Deals are the hallmarks of democracy Irish-style

Whether we like it or not, cutting deals is central to how Irish democracy works. And this week is prime deal-cutting time. 
Deals are the hallmarks of democracy Irish-style

With Fine Gael and Fianna Fáil still officially saying they will not consider coalition, both parties may target Independents and smaller parties to put together a workable government that does not include their rival.

Fianna Fáil sources said last night no phonecalls have yet been made, while senior Fine Gael figures said it is likely Taoiseach Enda Kenny will set up his own negotiating team after today’s cabinet meeting.

However, with an intense spotlight now turning on what the likely six Independent Alliance TDs, three Social Democrats, two Greens, 14 unaligned Independents and two Healy Raes are looking for, what exactly will the two largest parties in Ireland face when they eventually sit down to talk to their would-be saviours from themselves.

And unsurprisingly, at this stage it appears that the abolition of Irish Water, new roads, reopened hospitals, rural jobs, more local doctors and genuine Dáil reform will be the price of power.

Independent Alliance leader Shane Ross last night told the Irish Examiner the likelihood of a minority government is an excellent result because it will enhance the powers of the Dáil compared to cabinet.

He said his coalition, if called, would seek its Alliance Charter for Change to be implemented. It wants new anti-cronyism rules, Oireachtas reform and the protection of the vulnerable.

Chief among the other Independents will be the Kerry TD duo of Michael and Danny Healy Rae, whose father Jackie controversially brought millions of euro into the kingdom by supporting boom-time Fianna Fáil governments — a deal some see as warranted and others view in a far less positive light.

Michael said last night he and Danny have “been contacted by nobody, it’s early days yet and we are looking at prolonged negotiations”, but has previously called for job investment, farming supports and improved broadband.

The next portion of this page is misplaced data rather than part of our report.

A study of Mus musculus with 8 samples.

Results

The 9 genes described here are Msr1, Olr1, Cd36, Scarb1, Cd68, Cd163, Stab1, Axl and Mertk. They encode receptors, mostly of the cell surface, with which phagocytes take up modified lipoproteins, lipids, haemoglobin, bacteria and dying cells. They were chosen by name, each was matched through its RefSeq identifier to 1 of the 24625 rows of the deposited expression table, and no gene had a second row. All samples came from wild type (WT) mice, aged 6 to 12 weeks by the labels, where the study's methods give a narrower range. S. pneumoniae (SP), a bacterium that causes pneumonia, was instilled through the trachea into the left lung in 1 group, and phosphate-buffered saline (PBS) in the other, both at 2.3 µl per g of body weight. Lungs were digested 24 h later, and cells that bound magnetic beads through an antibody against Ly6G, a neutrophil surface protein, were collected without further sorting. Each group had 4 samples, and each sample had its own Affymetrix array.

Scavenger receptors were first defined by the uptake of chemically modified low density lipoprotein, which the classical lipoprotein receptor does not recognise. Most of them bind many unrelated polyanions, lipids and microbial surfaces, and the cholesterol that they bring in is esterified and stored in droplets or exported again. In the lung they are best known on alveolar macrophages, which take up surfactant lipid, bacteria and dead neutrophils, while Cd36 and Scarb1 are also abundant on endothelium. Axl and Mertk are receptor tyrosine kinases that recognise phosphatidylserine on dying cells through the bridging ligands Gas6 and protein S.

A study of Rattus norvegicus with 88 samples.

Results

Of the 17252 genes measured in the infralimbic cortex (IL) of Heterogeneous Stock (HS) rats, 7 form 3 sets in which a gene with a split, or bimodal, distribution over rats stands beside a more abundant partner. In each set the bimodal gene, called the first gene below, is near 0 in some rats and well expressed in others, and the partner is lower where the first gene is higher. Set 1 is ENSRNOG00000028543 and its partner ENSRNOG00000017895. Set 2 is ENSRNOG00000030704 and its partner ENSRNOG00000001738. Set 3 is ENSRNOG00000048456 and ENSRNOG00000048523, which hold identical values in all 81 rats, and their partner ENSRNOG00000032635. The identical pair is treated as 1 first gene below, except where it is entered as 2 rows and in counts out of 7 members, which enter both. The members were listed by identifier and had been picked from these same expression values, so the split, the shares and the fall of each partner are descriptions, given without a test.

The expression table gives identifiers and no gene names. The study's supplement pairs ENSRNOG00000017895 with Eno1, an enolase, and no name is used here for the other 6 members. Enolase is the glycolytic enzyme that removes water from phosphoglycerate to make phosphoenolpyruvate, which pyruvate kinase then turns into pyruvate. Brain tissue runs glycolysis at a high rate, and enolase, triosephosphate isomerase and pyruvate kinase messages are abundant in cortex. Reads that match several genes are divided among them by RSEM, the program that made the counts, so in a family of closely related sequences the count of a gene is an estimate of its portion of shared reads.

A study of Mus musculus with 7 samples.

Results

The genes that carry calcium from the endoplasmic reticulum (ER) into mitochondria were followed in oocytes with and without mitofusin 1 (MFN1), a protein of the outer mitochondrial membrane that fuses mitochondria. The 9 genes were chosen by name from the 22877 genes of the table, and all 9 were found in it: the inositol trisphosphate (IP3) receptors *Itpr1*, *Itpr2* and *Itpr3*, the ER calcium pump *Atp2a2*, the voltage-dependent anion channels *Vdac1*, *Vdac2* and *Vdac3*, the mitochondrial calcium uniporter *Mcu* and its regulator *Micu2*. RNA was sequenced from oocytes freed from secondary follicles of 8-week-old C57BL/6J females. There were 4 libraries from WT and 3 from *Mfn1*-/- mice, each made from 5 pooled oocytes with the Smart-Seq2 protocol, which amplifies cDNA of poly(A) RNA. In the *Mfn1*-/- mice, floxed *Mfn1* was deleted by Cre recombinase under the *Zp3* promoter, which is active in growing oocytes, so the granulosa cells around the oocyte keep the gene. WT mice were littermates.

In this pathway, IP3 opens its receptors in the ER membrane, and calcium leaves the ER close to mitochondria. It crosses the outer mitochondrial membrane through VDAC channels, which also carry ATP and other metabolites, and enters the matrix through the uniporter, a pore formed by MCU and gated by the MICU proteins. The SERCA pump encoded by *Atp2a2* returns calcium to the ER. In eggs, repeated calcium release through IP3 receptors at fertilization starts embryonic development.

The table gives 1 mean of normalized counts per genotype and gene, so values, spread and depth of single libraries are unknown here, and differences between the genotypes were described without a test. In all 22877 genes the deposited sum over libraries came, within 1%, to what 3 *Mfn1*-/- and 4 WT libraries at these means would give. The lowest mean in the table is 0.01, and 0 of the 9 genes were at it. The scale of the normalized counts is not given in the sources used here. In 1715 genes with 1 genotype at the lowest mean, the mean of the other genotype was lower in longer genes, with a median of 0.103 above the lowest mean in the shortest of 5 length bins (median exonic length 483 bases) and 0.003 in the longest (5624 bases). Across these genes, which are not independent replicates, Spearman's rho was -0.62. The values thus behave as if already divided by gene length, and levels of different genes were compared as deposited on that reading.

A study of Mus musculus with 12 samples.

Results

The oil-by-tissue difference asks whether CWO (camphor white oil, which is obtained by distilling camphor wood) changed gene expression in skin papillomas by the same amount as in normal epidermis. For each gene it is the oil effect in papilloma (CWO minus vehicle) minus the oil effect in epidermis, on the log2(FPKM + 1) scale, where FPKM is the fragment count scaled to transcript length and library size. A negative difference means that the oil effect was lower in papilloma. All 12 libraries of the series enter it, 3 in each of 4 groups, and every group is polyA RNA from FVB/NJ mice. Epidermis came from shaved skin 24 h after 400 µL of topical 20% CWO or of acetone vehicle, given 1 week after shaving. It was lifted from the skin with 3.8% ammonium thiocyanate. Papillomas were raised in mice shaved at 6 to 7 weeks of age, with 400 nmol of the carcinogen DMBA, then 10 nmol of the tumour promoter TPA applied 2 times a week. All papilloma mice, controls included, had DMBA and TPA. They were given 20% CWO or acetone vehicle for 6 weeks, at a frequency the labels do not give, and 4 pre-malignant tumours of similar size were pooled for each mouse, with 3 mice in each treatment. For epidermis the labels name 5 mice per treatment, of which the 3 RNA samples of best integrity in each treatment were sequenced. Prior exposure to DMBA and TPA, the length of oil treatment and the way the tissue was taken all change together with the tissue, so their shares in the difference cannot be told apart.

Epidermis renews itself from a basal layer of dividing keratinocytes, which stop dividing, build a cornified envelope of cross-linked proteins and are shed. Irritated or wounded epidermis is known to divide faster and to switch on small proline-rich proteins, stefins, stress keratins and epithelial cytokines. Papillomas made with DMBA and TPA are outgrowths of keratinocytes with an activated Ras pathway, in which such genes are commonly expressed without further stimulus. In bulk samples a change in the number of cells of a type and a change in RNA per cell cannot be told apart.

Next door, in Cork South West, Independent TD Michael Collins said he is willing to do a deal with “Micheál Martin or Enda Kenny or anyone else because we have to run a country”, saying he has been speaking to other Independents too.

“I have two words that they would have to discuss with me: West Cork”, he said, noting the need for more jobs, giving rural development Leader programmes control over their own funds and increased help for the fishing industry.

Among other Independents, Tipperary’s ex-Fianna Fáil TD Mattie McGrath will ask for local borough councils to be restored as “local democracy has been shut down”, the re-opening of St Michael’s Hospital, a road bypass for Tipperary town and the “abolishment of Irish Water”, saying: “Tipperary must get its share of the cake.”

Roscommon-Galway Independent and ex-Fine Gael TD Denis Naughten said he would not only reference the need for radical change in the Dáil. Dublin Central TD Maureen O’Sullivan — whose predecessor Tony Gregory struck the 1982 Gregory deal with Charlie Haughey — said she is open to a “listening exercise”, while Clare’s new single- issue TD Michael Harty will push for rural GP investment.

One of the Social Democrats’ three TD co-leaders, Catherine Murphy, told the Irish Examiner last night that like Independents, no one has yet sought support.

However, the TD said while she and fellow co-leaders Roisin Shortall and Stephen Donnelly will meet in Leinster House today to discuss strategy, it is “unlikely” they will support the larger parties.

Greens leader Eamon Ryan said his first choice is a seemingly unimaginable multi-coalition of Fianna Fáil-Sinn Féin-Labour- Social Democrats-AAA/PBP-Left-leaning Independents and the Greens. However, he said anyone addressing climate change, Brexit and the Mediterranean migrants’ crisis alongside Greens housing and transport national plans deserves consideration.